Minnesota Workers Compensation Rights: Employees and Employers

Employees get injured from time to time. No one plans to be injured. People get injured unexpectedly. Many people think about medical insurance and plan for illness. Many people don’t think about workers’ compensation, wage benefits, or physical injury.

Workers’ Comp Injuries: Severity and Duration

After injury, however, an injured employee must figure out what to do and where to begin. The combination of rules, laws, and statutes in Minnesota govern an employee’s ability to be compensated after a work-related injury. An employee may be injured temporarily, but completely. An employee may be injured temporarily, but only partially. And employee may be injured totally and permanently, or an employee may be injured partially, but permanently. Each duration and severity of injury provides a different level of recovery to an injured employee. The statutes and rules governing each type of injury are intended to compensate an employee who has suffered a work-related injury for the employee’s loss of wages, loss of the use of a function of the body, medical expenses including the expenses of rehabilitation, and other out-of pocket expenses related to medical treatment such as prescriptions and mileage to and from necessary appointments. Twin Cities Law Firm attorneys are familiar with the process of obtaining relief after a work-related injury and can help you.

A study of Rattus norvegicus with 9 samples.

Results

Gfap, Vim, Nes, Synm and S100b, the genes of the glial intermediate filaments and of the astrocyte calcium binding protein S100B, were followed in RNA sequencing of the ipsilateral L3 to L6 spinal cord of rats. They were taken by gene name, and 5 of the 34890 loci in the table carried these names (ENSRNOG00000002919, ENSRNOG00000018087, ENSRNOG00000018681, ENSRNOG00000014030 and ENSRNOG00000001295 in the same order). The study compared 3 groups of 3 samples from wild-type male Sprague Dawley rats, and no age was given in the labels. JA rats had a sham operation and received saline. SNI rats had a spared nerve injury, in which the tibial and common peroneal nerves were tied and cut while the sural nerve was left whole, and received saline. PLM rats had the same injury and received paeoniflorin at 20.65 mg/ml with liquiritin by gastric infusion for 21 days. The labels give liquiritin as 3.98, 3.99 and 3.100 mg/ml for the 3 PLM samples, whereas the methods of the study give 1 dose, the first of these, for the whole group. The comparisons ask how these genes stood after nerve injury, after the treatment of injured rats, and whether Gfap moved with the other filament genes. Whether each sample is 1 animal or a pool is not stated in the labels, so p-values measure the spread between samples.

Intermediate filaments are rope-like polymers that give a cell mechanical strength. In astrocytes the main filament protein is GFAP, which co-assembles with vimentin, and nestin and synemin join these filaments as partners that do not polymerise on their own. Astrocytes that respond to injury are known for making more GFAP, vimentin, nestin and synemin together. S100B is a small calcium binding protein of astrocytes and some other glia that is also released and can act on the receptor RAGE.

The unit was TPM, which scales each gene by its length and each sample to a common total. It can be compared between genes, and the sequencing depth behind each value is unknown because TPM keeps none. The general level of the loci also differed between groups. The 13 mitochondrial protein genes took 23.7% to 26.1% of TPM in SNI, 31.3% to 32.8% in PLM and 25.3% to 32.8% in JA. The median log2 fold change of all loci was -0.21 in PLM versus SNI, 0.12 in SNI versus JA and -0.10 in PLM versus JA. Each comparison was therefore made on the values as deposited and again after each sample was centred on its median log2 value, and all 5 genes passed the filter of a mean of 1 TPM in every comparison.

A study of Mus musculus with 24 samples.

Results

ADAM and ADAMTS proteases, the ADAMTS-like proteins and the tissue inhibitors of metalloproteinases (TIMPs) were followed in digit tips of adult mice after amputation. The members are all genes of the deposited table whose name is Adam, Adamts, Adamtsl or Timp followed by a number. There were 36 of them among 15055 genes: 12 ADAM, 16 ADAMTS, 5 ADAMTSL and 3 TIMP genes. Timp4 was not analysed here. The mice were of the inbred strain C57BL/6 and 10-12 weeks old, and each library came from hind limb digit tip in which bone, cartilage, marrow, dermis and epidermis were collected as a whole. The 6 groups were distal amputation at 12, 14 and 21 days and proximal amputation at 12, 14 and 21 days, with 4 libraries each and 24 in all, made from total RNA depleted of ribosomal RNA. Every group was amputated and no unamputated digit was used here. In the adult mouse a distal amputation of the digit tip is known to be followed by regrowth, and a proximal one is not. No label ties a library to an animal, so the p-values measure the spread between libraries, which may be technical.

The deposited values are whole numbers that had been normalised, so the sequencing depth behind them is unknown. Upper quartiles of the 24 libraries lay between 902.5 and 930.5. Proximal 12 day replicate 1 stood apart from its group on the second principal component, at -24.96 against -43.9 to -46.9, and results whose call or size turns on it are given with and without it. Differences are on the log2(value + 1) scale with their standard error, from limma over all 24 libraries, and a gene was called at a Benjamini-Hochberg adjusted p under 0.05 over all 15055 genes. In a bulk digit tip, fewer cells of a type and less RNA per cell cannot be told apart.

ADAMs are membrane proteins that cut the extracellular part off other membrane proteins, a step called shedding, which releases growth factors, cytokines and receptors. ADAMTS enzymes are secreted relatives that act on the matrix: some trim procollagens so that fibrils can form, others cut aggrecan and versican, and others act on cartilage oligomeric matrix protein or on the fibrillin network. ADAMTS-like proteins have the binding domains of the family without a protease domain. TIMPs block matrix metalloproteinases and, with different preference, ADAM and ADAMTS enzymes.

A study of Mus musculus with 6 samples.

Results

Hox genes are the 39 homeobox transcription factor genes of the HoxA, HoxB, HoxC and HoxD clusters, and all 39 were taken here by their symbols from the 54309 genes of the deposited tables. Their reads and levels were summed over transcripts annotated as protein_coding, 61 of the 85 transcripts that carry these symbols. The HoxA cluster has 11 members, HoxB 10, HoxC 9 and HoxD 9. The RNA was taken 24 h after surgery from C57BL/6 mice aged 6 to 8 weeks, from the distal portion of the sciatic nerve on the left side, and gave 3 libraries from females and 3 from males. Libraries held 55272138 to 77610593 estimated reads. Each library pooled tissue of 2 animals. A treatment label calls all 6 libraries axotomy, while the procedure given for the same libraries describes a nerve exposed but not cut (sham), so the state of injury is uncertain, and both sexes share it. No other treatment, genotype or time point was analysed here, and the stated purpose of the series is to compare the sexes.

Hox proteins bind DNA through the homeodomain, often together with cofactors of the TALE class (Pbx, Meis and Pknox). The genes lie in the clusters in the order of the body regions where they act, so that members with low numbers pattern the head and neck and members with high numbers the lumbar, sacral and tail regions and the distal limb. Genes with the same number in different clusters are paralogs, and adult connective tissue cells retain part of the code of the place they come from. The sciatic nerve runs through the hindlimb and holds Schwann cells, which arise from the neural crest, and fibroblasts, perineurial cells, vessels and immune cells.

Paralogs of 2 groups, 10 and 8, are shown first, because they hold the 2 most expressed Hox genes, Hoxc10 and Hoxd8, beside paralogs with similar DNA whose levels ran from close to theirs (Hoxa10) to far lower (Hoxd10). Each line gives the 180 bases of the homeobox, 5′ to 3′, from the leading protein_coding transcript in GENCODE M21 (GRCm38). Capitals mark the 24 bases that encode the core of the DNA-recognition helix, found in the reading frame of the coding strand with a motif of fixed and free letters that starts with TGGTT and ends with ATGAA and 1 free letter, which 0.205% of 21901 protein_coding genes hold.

Requirements for Employers under Minnesota Workers’ Comp

Employers must be ready for potential injuries to employers. Employers don’t want their employees to get injured. Nonetheless, it happens occasionally. Employers must think about their obligations when it comes to carrying workers’ compensation insurance.

Carrying Workers’ Comp Insurance and Defending Workers’ Comp Claims

Employers of qualifying companies are required to carry workers’ compensation insurance for employees. Employers are not required to carry workers’ compensation for independent contractors. Many factors must be considered before determining whether a worker is an employee or an independent contractor. Typically, employees work at a job cite controlled by an employer who also controls the manner in which the employee performs the work. Typically independent contractors have more control over these factors. Many independent contractors are also paid by the job or task rather than by the hour or with a salary. Mistakes in this area may be costly to the employer.

Navigating Workers’ Compensation Statutes and Rules

Workers’ compensation in Minnesota is governed by a complex set of statutes and rules. Compliance is difficult to maintain when you are unfamiliar with these laws. Additionally, employers must navigate through the workers’ compensation system when an employee makes a claim for workers’ compensation benefits. Twin Cities Law Firm attorneys are familiar with the applicable laws and can help you.